More Evidence of Heart Problems Due to NSAIDs


Before we dig into the newest study, let’s review what NSAIDs are and some of the risks we’ve shared in the past.

NSAIDs: What Are They and What Do They Do?

Most NSAIDs are purchased right over the counter, and these are the ones you are likely most familiar with. These include ibuprofen (e.g., Advil and Motrin), naproxen (Aleve), and even aspirin. There are also many NSAIDs that require a prescription. Examples of these include celecoxib (Celebrex) and meloxicam (Mobic). While each NSAIDs has a different risk profile, all carry high risks for serious side effects.

While it’s pain that may cause us to open up the medicine cabinet and reach for an NSAID, what sets NSAIDs apart from acetaminophen (e.g., Tylenol), for example, is their anti-inflammatory properties. If you have a painful swollen ankle, an NSAID will tackle both the pain and the swelling while acetaminophen will only address the pain. On the surface this may seem like a positive on the pro side of NSAIDs; however, acute inflammation (swelling following an injury) is your body’s way of addressing and healing the injury. So not only do NSAIDs introduce the potential for high-risk side effects, but they are also counterproductive as they blunt the body’s natural healing process.

More on Inflammation

In contrast to the acute inflammation that our body can handle, chronic inflammation is more insidious. Contributors to chronic inflammation are aging; lack of exercise; consuming too much sugar, processed carbohydrates, and other inflammatory foods; and weight gain. This type of inflammation isn’t beneficial, and it can lead to serious health conditions and chronic middle-aged aches and pains. Regular exercise can keep pro-inflammatory chemicals in check. Avoiding NSAIDs and substituting with supplements such as curcumin, glucosamine and chondroitin, and fish oil can provide some relief without the dangerous side effects. Cutting sugar and other inflammatory foods can also provide relief or even preempt the onset of chronic inflammation if it hasn’t already set in. Even if it has, It’s never too late to start dousing the fires of inflammation.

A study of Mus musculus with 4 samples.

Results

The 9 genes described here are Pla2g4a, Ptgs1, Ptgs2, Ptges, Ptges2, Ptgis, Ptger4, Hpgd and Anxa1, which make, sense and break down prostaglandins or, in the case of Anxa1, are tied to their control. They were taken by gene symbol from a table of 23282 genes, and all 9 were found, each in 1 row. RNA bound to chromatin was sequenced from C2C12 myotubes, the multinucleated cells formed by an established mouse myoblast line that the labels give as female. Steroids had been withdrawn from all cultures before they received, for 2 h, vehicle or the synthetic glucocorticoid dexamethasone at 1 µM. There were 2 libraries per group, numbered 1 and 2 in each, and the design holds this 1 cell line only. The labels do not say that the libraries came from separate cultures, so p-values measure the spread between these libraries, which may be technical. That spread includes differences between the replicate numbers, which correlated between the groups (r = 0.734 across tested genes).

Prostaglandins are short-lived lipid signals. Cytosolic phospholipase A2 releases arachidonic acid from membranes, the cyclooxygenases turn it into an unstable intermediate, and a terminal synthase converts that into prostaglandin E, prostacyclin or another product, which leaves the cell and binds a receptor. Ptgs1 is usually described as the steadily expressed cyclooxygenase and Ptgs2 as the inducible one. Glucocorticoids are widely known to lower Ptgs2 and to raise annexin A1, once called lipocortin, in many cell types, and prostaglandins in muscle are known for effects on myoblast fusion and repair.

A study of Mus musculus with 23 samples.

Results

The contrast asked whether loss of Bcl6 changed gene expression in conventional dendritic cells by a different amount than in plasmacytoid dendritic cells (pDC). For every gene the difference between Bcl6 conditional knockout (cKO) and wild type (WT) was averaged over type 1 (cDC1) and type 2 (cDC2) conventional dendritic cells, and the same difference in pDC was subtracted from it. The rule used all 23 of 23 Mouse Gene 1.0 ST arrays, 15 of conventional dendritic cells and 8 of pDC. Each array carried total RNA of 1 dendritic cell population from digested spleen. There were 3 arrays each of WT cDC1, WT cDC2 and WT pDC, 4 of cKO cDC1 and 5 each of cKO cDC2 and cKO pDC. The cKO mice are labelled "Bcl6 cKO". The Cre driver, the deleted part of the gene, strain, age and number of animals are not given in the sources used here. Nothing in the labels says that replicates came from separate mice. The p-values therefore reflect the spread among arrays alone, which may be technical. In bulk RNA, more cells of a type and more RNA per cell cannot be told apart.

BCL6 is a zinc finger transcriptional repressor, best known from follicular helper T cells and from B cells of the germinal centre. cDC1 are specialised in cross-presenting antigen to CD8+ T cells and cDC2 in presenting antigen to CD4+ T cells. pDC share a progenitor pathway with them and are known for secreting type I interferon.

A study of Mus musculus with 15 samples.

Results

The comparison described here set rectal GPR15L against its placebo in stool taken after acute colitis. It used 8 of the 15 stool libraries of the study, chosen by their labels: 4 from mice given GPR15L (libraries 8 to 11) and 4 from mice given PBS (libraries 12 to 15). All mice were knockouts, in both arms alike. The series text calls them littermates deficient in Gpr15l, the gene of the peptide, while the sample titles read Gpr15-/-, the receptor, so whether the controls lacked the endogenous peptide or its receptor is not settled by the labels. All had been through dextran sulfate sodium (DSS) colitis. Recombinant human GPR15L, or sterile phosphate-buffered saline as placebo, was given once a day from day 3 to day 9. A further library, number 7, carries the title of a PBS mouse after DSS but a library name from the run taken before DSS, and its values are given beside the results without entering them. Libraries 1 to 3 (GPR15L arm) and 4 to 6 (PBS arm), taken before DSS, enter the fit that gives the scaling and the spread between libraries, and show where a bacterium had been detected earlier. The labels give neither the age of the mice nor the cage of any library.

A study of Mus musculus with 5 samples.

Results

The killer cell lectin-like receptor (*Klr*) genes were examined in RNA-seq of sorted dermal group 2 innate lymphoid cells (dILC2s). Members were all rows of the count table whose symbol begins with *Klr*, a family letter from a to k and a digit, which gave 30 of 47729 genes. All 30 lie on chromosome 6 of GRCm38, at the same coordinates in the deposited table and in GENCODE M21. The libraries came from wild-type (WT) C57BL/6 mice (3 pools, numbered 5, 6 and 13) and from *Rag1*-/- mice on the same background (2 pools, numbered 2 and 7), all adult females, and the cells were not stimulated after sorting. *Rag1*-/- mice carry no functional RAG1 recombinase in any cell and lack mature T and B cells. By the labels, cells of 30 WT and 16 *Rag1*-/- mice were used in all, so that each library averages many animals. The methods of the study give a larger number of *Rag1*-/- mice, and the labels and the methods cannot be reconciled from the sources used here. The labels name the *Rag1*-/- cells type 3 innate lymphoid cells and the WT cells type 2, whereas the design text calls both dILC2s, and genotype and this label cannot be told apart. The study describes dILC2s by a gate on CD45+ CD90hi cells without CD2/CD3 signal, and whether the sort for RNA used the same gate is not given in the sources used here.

The Cons of NSAIDs

There may be some very extreme cases where the powerful punch of NSAIDs may outweigh the serious risks; however, the list of cons is long and continues to grow. Let’s review some of these.

In addition, the American Heart Association (AHA) issued warnings on the high risks of NSAIDs and joined forces with the Alliance for Rational Use of NSAIDS, a public-health coalition. The Food and Drug Administration (FDA)also issued stern warnings about the dangerous heart attack and stroke risks associated with NSAIDs. Over-the-counter NSAID labels already carry the warning of GI bleeding, but the FDA warning also required prescription NSAID labels to carry the warning of heart attack and stroke risks.

The New Study on Heart Failure Due to NSAIDs

The new study was a multimillion-subject study looking at the numbers of hospital admissions for heart failure accompanied by NSAID use. Data from 2000–2010 from four countries (UK, Italy, Germany, and the Netherlands) were studied. The results varied depending on the NSAID, with risks for heart-failure admission as much as doubling for some NSAIDs (e.g., diclofenac, indomethacin, and rofecoxib), but on the whole, there was a 19% increase in risks for heart-failure admission when the subjects were also taking NSAIDs.

The upshot? Many people become dependent on NSAIDs for normal functioning. Just the idea of getting off them can be difficult to consider. I see many patients who fall into this trap. They are typically physically active patients who feel they can only stay active by keeping their pain in check with NSAIDs. But with the added risks of heart failure due to NSAIDs, and so much more, it’s just not worth it. There are ways to end your dependence on NSAIDs—read “Are You an NSAID Addict? What Can You Do?”—and say no to the long list of dangers.